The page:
During the more settled months of the year I had started getting into wreck-diving seriously. But every winter, after the boat had been put away, we would find ourselves drawn deep underground, seeking out unexplored mines and workings. These forays would often end with us just staring at a pool of clear water with features just visible below, enticing us in.
In flooded caves or mine-workings there is no current to worry about, weather is rarely an issue and most locations offer excellent visibility.
An old mine-cart, still on the rails as it was left.
This type of diving is not to be taken lightly – or done on a whim simply when it’s too rough to dive in the sea. Once a diver has left the main access shaft he can’t just swim up in an emergency, and might need to cover a considerable distance horizontally to reach an exit-point.
Other issues include very dark, cold water, silt build-ups and isolated locations.
So we always carry multiple lights, plan our air and gas reserves using the rule of thirds, and use twin-sets where possible.
We mark exit-points well, using a shot in the main access-shaft with strobes, and use lines and markers even in good visibility, to ensure that we can always find our way back out.
Most of the mines are those in which we have already explored the topside workings, and can be sure of having reasonable access and clear water.
We take several team-members along to help with kit and to be on hand should an emergency occur. This deep underground, I wouldn’t dive with anyone I don’t know well or haven’t dived with much. It’s all about teamwork and trust.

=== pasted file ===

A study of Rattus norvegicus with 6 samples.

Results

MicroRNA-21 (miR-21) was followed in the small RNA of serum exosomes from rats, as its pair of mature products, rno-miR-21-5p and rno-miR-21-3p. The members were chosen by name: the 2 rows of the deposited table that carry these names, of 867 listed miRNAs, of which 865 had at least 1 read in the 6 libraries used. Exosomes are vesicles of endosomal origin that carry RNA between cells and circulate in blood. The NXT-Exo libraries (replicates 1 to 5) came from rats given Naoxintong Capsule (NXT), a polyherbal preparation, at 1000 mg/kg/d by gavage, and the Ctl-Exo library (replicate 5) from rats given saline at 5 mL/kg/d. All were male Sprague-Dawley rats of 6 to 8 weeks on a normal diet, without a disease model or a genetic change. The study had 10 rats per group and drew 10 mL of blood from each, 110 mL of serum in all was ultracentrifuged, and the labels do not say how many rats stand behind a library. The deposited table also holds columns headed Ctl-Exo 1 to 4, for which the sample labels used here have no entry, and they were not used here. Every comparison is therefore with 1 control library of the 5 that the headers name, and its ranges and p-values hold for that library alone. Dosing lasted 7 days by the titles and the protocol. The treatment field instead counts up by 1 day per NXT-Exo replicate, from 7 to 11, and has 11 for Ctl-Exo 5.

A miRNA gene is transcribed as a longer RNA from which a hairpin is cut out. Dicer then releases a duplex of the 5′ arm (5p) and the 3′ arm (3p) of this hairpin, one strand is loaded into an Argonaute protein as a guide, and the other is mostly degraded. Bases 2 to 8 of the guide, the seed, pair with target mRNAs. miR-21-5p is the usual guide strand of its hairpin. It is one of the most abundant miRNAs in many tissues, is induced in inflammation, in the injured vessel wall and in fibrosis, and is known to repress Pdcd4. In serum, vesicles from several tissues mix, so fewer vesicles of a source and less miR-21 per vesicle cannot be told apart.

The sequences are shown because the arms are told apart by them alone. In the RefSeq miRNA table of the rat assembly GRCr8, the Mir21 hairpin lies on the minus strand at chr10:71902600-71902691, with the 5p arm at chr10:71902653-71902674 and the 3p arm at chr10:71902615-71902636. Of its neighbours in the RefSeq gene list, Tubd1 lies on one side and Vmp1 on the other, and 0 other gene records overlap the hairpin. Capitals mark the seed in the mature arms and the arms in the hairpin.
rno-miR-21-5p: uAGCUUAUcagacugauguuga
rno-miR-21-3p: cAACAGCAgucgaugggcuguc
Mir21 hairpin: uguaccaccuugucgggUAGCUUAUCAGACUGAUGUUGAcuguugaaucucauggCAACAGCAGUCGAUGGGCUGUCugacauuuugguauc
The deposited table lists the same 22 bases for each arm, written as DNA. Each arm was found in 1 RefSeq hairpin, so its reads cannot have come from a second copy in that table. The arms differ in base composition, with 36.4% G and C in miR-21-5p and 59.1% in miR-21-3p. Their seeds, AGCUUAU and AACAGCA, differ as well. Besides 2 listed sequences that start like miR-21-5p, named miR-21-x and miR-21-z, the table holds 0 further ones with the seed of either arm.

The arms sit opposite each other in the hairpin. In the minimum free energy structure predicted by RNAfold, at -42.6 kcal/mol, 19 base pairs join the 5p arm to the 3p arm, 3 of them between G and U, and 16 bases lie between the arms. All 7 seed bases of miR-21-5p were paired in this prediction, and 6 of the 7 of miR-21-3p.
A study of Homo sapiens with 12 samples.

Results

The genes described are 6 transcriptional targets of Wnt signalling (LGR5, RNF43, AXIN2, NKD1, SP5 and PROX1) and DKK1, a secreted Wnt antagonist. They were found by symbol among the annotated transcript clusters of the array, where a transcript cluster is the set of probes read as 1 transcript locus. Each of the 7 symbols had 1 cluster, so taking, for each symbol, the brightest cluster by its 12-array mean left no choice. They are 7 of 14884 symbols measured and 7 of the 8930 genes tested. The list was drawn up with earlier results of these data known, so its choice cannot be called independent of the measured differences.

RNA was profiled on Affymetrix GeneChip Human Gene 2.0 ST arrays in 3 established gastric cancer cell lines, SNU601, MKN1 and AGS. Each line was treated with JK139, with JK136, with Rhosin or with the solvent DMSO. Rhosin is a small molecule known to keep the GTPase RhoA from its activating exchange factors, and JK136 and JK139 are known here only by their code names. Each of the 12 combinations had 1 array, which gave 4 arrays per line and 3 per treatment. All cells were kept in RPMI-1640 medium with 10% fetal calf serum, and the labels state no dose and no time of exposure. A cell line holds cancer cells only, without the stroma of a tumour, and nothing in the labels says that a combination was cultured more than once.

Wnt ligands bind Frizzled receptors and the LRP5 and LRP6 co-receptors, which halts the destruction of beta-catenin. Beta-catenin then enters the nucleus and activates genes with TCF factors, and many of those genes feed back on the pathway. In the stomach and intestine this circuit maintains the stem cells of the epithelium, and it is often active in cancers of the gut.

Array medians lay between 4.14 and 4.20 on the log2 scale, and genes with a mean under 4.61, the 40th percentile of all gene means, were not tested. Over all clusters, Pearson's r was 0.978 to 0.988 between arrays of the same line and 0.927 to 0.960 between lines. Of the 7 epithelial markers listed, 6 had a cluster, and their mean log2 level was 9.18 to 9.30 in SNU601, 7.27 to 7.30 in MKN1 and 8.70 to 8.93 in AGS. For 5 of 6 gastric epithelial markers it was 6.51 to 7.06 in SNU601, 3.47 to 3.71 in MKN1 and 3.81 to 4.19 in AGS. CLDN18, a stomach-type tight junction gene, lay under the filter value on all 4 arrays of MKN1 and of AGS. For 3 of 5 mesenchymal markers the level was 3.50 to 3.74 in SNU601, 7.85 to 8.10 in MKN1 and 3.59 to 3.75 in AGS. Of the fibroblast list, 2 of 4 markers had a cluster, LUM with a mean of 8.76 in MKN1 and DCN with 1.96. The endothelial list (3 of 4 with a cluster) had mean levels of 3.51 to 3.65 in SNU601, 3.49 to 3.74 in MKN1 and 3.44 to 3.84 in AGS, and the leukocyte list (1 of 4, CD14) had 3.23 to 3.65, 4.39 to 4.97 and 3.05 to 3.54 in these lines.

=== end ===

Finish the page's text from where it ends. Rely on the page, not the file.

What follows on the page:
We’ve discovered some pretty amazing artefacts and sights. Many of the mines had been closed suddenly, and once the pumps were stopped the rising water didn’t take long to reach its natural level.
Many tools and personal items were left in situ and remain there now. Usually we’re the first people to see them again.
Wooden shaft-linings, ladderways, wooden boxes, mine-carts and small tools still lie where they were dropped as much as 200 years ago, with no tide or storm action to move them.
‘Rusticle’-type protrusions on the rungs of a submerged ladder 25m down at the base of a flooded shaft.
Recently we came across a flooded shaft that still had its man-way ladders in place. The wooden sides were in perfect order, and the metal rungs had sprouted long rusticle-type protrusions, reminding me of ROV images I’ve seen taken miles below the Atlantic on the Titanic.
Future projects include other mines with local history that have never been dived. We have done many of the easy-to-access sites but a few older ones will require a lot of effort to reach the flooded sections. These could hold the most interesting underwater discoveries yet.